It was an interesting end to our final day in Canberra which started off with a mid-morning coffee at the Canberra Centre, followed by a screening of “Slum Dog Millionaire”. Sam and I were both surprised at how busy the cinema was at ten o’clock on a Tuesday morning. Although we both had a basic idea of the plot-line, neither of us was really prepared for the emotional onslaught that came with the movie. The basic plot-line concerning an impoverished young man from India who wins “Who Wants To Be A Millionaire” sounds like a reasonably easy, feel-good kind of film. But of course it’s much more complex than that. And I’d read some fairly damning reviews of the film describing it as “poverty porn”. “What did that mean?”, I thought to myself as I watched some of the more graphic parts of the film. “How could you possibly ‘get off’ on poverty?” I asked myself.

It was then I came to the conclusion those who felt that way had no feeling at all. They were somehow trying to dismiss something quite distressing as some kind of insincere filmic device. I came to the conclusion reasonably quickly the film-makers wanted to show the incredibly complex nature of life in India where some parts of the country have been radically, economically transformed.

“You want to see the real India”, one of the characters says to an American tourist at one point, “well here it is….” Thus recognising and addressing head-on the almost-voyeuristic nature of some forms of Western tourism, where it’s all about the Western-person’s experience of the poverty, rather than the poverty itself. Actually, that’s a complex discussion I’m really not in a position to go into further. It’s probably best that I stick to what I know, and by that I mean my experience of the film.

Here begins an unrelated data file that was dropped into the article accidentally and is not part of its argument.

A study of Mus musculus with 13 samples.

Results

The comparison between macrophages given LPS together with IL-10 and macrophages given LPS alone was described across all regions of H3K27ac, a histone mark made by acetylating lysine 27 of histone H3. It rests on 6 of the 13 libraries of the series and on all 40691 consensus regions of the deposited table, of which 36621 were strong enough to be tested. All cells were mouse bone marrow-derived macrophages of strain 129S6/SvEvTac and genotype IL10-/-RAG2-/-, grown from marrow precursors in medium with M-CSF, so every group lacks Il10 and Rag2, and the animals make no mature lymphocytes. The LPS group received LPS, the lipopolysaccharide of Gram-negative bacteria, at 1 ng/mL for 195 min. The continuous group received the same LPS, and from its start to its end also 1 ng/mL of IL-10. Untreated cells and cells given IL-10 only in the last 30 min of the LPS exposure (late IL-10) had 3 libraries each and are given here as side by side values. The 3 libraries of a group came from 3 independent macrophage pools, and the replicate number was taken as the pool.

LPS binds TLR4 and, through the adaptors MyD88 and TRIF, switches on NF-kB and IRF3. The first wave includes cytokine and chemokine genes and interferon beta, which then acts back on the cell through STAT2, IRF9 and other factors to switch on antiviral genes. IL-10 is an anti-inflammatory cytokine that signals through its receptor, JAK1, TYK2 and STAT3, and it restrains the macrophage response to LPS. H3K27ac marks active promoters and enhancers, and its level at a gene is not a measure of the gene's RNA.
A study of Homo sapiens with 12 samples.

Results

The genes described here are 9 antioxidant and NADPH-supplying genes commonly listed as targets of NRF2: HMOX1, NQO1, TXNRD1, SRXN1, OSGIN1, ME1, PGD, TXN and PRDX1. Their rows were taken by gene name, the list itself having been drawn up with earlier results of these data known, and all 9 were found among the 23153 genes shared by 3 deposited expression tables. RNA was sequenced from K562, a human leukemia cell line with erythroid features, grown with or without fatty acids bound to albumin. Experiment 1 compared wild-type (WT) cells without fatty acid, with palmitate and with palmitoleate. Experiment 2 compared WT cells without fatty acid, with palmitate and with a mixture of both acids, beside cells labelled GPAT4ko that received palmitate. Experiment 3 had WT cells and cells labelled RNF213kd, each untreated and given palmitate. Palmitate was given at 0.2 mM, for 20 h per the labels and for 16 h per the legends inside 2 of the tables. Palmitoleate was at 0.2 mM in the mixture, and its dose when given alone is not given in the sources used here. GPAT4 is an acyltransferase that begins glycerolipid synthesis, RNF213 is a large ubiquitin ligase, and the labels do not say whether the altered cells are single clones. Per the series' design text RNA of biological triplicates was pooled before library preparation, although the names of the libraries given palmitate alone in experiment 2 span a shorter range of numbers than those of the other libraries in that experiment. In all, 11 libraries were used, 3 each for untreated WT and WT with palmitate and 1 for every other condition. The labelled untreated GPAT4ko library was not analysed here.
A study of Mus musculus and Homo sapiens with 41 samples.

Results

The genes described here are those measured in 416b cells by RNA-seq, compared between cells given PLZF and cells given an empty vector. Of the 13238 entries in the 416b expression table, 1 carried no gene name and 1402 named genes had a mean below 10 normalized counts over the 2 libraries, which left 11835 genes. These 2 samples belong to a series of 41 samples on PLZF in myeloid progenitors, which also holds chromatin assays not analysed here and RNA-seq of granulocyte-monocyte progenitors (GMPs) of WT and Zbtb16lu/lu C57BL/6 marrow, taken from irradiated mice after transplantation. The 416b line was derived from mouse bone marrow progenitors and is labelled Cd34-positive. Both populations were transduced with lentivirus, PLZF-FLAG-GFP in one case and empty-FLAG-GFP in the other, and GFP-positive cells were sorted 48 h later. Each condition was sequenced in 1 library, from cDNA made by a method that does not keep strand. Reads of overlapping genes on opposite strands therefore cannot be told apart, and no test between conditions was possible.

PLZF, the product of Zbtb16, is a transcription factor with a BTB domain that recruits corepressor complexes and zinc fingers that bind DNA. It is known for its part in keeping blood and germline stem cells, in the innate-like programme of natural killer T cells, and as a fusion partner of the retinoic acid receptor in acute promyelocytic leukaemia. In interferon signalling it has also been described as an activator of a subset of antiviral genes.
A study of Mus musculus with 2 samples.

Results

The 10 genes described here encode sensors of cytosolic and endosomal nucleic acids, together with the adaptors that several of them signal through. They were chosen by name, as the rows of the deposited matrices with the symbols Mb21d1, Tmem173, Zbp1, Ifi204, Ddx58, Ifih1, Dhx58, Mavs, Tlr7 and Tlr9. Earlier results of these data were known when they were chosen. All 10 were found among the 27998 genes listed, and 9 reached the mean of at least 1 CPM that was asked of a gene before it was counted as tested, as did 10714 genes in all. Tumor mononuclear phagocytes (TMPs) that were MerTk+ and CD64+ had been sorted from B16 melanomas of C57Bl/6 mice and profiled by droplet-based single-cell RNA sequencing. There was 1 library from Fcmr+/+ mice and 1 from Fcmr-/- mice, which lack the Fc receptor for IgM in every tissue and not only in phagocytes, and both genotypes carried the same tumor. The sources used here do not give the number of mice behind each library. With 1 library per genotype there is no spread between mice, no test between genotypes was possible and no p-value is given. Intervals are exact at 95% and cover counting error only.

For about two hours my stomach was in knots. The film has a great narrative, as the drama builds about whether or not the young orphaned man from the slums will achieve “the dream” of money and romance. Because of all the tension I was deeply moved. I think it’s one of the best films I’ve seen in the last five years. It engages both the heart and the mind. What could be better?

After the film, we caught up with a colleague who I’d hoped to see while visiting Canberra, and then had some lunch.

And before you knew it, it was time to catch the bus back to Sydney.

The bloody internet company still hasn’t resolved my problem, and so I’m still without the net at home.

It’s okay though, since I’ve had time to catch up on my blog, and to enjoy being back home after a few days away.